Updated 03/04/2021: Since we first published the article, eBay has removed certain listings of books by Dr. Seuss, claiming they violate its offensive materials policy.
Times are tough, and many people are selling their stuff to make ends meet. Even if you weather the pandemic storm, it never hurts to make a little extra money during spring cleaning.
The online auction phenomenon began with eBay, but it’s not the only player in the game. You have a wealth of choices to unload your clutter on others. Tap or click here for six alternatives to eBay.
Reading Across America day started in 1998 to encourage young people to read. This annual holiday takes place on the birthday of children’s author Theodor Seuss Geisel, better known as Dr. Seuss. His publisher stirred things up this year with a decision to stop the publication of six Dr. Seuss books. Read on to find out why this is happening and how it’s affecting the market for these books.
DSE takes a stand
Dr. Seuss Enterprises, or DSE, released a statement saying it is stopping the publication and licensing of these six Dr. Seuss titles: And to Think That I Saw It on Mulberry Street, If I Ran the Zoo, McElligot’s Pool, On Beyond Zebra!, Scrambled Eggs Super! and The Cat’s Quizzer.
The publisher says it made the decision to support diversity and inclusion. The books in question contain imagery deemed racist and insensitive by a panel that included teachers, academics and other so-called experts.
The speculators step in
When something becomes rare out of nowhere, you can guarantee people will find a way to take advantage, and children’s books are no exception. The six out-of-print books have hit the market with some very high prices. Here are some eBay listings currently being bid on.
- A listing for And to Think That I Saw It on Mulberry Street is up to $750.
- If I Ran the Zoo is up to $250.
- A copy of McElligot’s Pool is approaching $1,000.
- This copy of On Beyond Zebra! is going for more than $800.
- Scrambled Eggs Super! bidding is over $250.
- People are willing to lay down more than $250 for The Cat’s Quizzer.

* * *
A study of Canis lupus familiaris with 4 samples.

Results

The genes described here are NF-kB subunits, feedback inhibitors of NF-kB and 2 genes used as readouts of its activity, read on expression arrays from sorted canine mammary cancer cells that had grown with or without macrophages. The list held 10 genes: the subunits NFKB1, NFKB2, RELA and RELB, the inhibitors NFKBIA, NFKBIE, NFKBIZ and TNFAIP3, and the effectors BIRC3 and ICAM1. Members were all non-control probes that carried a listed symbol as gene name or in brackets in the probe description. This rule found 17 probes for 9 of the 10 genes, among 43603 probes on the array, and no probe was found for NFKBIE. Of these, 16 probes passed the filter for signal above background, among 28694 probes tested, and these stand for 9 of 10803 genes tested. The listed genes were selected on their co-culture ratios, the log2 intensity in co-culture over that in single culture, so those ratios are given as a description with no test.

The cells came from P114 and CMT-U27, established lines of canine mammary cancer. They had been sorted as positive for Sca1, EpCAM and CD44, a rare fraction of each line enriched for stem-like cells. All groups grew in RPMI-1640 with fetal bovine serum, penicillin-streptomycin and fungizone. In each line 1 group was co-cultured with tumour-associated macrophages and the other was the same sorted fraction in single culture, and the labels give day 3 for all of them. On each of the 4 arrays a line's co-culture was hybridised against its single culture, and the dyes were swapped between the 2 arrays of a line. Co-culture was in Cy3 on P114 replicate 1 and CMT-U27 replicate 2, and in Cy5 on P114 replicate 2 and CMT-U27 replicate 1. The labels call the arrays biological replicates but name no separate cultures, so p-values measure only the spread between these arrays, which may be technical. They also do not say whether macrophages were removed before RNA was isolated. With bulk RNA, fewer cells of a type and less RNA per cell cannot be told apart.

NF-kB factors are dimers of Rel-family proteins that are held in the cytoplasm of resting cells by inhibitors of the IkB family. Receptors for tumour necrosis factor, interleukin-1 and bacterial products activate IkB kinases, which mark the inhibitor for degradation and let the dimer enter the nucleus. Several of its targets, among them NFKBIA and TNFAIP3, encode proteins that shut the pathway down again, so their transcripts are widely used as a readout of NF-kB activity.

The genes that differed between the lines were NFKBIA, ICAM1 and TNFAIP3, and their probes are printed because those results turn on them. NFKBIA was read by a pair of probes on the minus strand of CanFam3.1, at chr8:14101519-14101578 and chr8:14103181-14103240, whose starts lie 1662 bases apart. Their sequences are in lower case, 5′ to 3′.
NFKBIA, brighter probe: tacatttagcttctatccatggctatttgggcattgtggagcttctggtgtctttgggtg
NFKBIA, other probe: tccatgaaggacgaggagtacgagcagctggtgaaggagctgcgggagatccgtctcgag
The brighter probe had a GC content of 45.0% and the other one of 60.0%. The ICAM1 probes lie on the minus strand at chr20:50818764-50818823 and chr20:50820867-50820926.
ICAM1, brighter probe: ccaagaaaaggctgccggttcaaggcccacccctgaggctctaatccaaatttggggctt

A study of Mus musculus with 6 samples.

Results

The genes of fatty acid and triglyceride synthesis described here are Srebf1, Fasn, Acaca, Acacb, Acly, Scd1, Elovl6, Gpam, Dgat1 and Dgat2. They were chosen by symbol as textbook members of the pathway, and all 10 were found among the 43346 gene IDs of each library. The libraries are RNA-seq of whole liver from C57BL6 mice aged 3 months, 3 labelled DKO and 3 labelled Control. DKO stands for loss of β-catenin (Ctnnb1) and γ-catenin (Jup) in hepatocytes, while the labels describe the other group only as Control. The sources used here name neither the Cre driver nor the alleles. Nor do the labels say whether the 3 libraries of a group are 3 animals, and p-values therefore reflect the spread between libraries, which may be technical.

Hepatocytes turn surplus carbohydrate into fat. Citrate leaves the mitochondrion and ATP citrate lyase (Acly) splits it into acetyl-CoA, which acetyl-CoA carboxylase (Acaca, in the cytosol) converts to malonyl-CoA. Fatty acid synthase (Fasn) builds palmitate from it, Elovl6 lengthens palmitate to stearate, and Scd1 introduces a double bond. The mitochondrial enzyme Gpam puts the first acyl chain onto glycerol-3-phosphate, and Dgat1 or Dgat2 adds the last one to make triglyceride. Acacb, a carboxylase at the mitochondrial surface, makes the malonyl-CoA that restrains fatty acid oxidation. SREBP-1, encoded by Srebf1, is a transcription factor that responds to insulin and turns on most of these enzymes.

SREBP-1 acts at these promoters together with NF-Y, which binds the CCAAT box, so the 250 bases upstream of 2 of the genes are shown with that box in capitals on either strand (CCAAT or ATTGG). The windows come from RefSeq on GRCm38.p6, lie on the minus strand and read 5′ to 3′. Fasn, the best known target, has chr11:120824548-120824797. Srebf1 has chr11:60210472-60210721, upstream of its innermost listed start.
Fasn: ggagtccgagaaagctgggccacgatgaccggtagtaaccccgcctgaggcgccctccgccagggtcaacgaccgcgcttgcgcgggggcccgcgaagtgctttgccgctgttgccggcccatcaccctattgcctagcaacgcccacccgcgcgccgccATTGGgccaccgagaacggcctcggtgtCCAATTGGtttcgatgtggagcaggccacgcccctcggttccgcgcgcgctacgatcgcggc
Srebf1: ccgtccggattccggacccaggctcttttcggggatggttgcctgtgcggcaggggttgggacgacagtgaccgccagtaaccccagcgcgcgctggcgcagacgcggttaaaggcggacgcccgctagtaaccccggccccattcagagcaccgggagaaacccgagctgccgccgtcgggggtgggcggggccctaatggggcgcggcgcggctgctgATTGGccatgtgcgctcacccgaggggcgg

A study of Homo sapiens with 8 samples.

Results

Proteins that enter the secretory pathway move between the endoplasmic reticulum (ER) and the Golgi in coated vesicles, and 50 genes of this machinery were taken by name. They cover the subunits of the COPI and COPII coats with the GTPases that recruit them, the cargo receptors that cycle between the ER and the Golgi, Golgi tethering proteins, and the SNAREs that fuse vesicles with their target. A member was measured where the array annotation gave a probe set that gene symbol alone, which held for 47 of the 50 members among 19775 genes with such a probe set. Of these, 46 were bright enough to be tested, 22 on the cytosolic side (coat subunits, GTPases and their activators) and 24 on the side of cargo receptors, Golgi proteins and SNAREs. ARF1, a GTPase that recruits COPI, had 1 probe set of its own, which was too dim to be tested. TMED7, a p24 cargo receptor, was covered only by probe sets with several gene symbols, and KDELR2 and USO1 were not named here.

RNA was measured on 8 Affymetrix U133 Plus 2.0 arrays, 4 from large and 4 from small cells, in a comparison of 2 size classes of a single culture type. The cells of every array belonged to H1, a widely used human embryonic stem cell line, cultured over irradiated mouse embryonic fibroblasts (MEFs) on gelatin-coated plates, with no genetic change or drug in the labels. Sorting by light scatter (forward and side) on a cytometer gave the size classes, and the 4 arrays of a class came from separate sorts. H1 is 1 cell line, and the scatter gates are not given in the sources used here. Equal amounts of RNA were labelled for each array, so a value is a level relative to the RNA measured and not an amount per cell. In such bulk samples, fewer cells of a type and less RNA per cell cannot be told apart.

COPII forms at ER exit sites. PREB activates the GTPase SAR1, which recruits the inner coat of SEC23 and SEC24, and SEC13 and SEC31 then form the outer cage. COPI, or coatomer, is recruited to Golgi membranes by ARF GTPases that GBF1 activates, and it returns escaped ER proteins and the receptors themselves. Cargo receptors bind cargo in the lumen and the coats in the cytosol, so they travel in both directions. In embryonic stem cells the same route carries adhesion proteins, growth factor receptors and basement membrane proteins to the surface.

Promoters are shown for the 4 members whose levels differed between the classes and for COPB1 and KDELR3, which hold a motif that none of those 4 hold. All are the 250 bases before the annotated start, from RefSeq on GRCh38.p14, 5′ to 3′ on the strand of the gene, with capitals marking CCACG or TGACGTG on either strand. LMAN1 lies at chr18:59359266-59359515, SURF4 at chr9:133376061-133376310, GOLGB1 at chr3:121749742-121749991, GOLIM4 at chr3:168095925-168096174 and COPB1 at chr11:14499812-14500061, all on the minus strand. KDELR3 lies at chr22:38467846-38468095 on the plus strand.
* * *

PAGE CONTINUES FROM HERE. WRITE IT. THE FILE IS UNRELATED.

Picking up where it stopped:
How to get in on the action
You may have grown up with Dr. Seuss’s books and still have some copies lying around. Check your crawl spaces, attics and basements. If you have any of the controversial titles, you could do very well selling them while they’re in demand. Tap or click here to spot this popular scam when selling online.
You can use any number of sites to sell your books, but eBay seems to be the hot spot for books by Dr. Seuss at the moment, so let’s stick with that. Here are some tips for selling books.
- Check the edition. First editions are the most valuable. This information can usually be found at the bottom of the copyright page or sometimes even on the front cover. Check the copyright year against the first year of the book’s publication. First print runs are the most valuable of first editions, and if you have an author’s signature, even better!
- Describe the book’s condition accurately. Look for imperfections like stains, shelf wear, tears, repairs and yellowing. Be clear in the listing description, or you can face returns and negative reviews.
- Take good photos for your listing. You can do this with your smartphone and some good lighting. Use a contrasting background to make the book stand out. At the very least, include images of the front and back covers, the spine and the copyright page. Also, take photos of imperfections and damage.
- Look for similar listings. Check eBay listings for your book to get an idea of pricing. Select Sold Items in the sidebar to view listings that actually sold. This way, you can avoid the sky-high listings that won’t make it anywhere and view the ones that people spent money on.
- Ship it the right way. If your book sells, use eBay’s media mail option to save on shipping costs. Make sure to carefully package and ship it to avoid conflict with your buyer.